Understanding cash flow and how to access additional capital can keep your business fiscally healthy and profitable.

The expression “cash is king” has been used by many successful businessmen over the years. Regardless of who originally coined the phrase, the meaning behind it remains consistent. Strong cash flow is important to the overall fiscal health of your business.

Understanding Cash Flow
Cash flow is the process by which money flows in and out of your business, and it plays a key role in your long-term profitability. By effectively managing the cash flow of your business, you are in a better position to cover expenses or make investments that will grow your business, thereby increasing your overall profit margin.

Cash flow consists of several elements: starting cash, the amount of cash on hand at the beginning of a period; cash in, the cash received during the period including sales, borrowed funds or equity; cash out, the cash paid for fixed and variable expenses, including administrative and operating costs as well as vendor payments; and ending cash, the result of starting cash plus cash in less the cash out at the end of a period.

Cash flow is impacted by various components of your business, including how your inventory is managed, how you process sales, your processes for receiving and making payments, capital expenditures and the debt your business may carry. A good understanding of what cash flow is and how it is impacted can help you better manage your cash flow in a way that is most beneficial to your business.

Making Cash Work in Your Favor
There are several steps you can take to make sure you are optimizing the cash flowing in and out of your business. The first is simply knowing sources of income and expenses. Keeping itemized records of the cash flow process will help you quickly determine whether you need to increase cash in, decrease cash out, or a combination of both. There are several ways to achieve this.

The most logical way to increase the cash coming into your business is to increase sales. Start by looking at your existing client base and determining what additional goods or services you can sell to them. Cross-selling to your current clients is a cost-effective way to bring more sales to your business. You might also consider expanding your client base by extending your geographic reach or tapping into a new demographic in your current area. Either way, the objective is to sell to more customers than you are currently reaching. Finally, consider pricing discounts as an incentive for customers to buy more. This increase in sales will positively impact the cash coming into your business.

Another way to increase cash is to convert your receivables into cash as quickly as possible. Deposit cash, checks, card settlements, etc. into your account daily (or as frequently as possible) so that you have quick access to that cash. Consider investing in technologies like Remote Deposit Capture (RDC) to expedite the process. Solutions like RDC make it possible to deposit cash without ever leaving your office or storefront, giving you access to cash and saving you time in the process. Automated account billing systems and precise payment terms with specific conditions (ideally less than 60 days) also increase the flow of cash into your business.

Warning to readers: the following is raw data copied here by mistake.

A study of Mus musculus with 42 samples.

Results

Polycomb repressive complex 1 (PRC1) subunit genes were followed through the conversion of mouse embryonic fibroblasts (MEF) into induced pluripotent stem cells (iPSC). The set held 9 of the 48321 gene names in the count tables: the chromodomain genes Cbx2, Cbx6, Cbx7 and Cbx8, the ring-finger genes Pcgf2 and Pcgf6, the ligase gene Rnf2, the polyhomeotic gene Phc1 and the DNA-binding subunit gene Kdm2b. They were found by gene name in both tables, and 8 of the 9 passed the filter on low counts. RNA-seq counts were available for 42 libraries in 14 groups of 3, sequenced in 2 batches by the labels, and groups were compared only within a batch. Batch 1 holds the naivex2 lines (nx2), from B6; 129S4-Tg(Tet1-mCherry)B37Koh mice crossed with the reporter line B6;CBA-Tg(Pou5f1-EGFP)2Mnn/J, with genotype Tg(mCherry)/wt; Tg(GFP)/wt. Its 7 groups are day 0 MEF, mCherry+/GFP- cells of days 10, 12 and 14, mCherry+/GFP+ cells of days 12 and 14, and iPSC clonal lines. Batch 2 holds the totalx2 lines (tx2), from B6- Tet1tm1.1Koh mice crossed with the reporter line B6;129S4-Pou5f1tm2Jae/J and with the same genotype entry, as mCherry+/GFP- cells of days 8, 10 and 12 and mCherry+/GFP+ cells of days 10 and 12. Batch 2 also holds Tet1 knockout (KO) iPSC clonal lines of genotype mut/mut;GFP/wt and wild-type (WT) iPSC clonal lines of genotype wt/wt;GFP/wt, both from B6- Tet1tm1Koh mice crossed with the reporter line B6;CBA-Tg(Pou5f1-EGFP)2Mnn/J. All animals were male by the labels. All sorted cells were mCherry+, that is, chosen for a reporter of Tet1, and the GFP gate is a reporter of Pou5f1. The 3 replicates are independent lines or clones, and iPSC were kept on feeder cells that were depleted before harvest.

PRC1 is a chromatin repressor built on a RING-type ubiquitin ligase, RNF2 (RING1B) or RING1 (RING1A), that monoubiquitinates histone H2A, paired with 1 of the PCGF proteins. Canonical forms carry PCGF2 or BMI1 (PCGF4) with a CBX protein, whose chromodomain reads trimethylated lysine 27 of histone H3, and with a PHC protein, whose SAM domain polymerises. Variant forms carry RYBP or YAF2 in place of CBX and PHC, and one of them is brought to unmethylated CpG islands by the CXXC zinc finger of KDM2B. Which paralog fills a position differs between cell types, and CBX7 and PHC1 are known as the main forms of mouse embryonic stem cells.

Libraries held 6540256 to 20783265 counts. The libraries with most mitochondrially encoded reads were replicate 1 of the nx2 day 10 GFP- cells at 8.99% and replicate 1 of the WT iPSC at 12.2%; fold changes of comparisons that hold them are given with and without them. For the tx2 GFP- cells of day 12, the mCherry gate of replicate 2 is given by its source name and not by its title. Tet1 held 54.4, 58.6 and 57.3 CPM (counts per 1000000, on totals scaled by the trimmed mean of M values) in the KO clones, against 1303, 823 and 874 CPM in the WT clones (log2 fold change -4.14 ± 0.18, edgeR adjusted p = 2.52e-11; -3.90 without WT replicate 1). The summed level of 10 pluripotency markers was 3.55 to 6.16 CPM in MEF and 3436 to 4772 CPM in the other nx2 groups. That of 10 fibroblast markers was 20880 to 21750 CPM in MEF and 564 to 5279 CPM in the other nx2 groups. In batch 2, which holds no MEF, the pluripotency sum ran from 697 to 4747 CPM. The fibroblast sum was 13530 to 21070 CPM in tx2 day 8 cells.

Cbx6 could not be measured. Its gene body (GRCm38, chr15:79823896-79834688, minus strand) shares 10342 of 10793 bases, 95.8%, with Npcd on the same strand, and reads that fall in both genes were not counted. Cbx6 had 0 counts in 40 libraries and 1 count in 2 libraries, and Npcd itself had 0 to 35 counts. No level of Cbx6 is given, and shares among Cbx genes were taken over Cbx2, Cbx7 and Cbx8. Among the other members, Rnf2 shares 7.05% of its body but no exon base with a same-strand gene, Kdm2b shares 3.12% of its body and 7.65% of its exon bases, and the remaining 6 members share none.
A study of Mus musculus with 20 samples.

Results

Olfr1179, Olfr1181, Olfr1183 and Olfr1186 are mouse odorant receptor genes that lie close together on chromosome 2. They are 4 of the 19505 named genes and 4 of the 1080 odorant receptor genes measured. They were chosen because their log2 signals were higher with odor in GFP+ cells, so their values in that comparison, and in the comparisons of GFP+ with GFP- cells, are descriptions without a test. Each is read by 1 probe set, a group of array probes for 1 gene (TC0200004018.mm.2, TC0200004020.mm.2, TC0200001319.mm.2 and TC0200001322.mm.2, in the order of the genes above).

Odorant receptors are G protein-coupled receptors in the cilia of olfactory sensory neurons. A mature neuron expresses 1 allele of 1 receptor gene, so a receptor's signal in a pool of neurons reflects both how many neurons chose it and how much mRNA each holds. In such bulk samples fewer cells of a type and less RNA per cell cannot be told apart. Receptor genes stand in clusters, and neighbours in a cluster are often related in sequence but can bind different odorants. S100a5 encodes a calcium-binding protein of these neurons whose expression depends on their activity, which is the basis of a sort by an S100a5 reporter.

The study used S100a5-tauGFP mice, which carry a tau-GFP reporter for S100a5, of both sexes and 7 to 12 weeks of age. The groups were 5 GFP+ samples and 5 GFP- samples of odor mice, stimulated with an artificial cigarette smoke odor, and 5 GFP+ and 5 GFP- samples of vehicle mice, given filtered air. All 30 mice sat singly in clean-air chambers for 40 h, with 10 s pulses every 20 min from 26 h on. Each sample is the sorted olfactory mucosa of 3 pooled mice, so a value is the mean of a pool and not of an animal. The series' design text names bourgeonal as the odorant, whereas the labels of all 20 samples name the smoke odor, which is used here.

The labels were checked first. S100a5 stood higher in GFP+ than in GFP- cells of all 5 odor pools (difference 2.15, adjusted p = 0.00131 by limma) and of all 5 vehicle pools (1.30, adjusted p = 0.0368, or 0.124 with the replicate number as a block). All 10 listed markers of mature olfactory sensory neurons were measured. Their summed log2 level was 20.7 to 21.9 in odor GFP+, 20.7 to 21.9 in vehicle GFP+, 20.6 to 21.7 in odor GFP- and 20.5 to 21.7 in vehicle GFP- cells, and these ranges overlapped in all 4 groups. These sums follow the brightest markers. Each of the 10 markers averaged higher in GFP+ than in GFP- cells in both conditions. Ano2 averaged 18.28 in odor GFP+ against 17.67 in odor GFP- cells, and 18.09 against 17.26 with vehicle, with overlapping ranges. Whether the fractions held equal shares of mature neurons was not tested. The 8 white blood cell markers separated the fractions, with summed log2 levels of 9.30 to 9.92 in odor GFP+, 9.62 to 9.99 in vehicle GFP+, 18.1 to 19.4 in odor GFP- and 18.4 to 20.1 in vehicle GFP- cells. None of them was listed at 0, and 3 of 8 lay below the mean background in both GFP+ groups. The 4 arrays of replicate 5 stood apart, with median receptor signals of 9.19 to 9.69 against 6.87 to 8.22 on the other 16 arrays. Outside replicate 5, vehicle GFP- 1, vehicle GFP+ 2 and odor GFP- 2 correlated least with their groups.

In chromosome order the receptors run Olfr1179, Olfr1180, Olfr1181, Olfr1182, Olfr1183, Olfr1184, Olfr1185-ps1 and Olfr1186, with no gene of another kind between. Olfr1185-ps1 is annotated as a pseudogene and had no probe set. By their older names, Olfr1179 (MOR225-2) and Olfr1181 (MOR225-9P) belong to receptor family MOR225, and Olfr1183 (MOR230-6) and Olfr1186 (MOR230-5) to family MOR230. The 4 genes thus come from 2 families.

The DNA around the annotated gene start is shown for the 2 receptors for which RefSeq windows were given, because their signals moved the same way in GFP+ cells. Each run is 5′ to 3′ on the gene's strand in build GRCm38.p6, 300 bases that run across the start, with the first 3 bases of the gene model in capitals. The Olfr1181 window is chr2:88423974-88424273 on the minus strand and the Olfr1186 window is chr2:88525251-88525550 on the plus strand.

Cash in can also be increased by reducing cash out. By managing and reducing expenses, you are paying less and will, therefore, see more cash coming into (or staying within) your business. Set up a plan for controlled disbursements when it comes to paying your bills. Instead of paying them all at once (on the first of the month, for example), pay each bill based on its individual terms. By not paying out significant amounts of cash at one time, you are maintaining fluidity in your business’ cash flow and allowing more flexibility when it comes to potential resource purchases, investments, etc.

Another way to reduce cash out is to take advantage of vendor discounts that may be offered for supply or product purchases. Ask about discounts for cash or quick payments. Again, this method of paying out less cash at once keeps more cash in your business and readily available for your use.

Accessing Additional Capital
Regardless of how diligently you manage your cash flow, there may be times when you need access to additional cash for improvements, expansions or other business opportunities.

Loans are one option for gaining additional access to capital that you might need for inventory, equipment or real estate. Your financial partner can help you determine the best loan for your specific needs. Additionally, investors or owner equity can provide long-term solutions to business capital needs.

Sometimes businesses find themselves in a situation where they have earned excess profits for a period. There are several ways this additional cash can be put to good use for the business. It can be used toward debt reduction, as savings or investments, put directly back into the business as capital improvements (buildings, equipment, etc.), or split among employees as profit-sharing or salary enhancements.

Understanding cash flow, making cash work in your favor, and knowing how to access or use additional capital are all ways that business owners can keep cash in the position of “king” and use it to help their business remain fiscally healthy and profitable. iBi

J. Boger Hessing is VP – Commercial Relationship Manager with PSB – Princeville State Bank, member FDIC and equal housing lender. For more information, call (309) 693-9494, email [email protected] or visit p-s-b.com.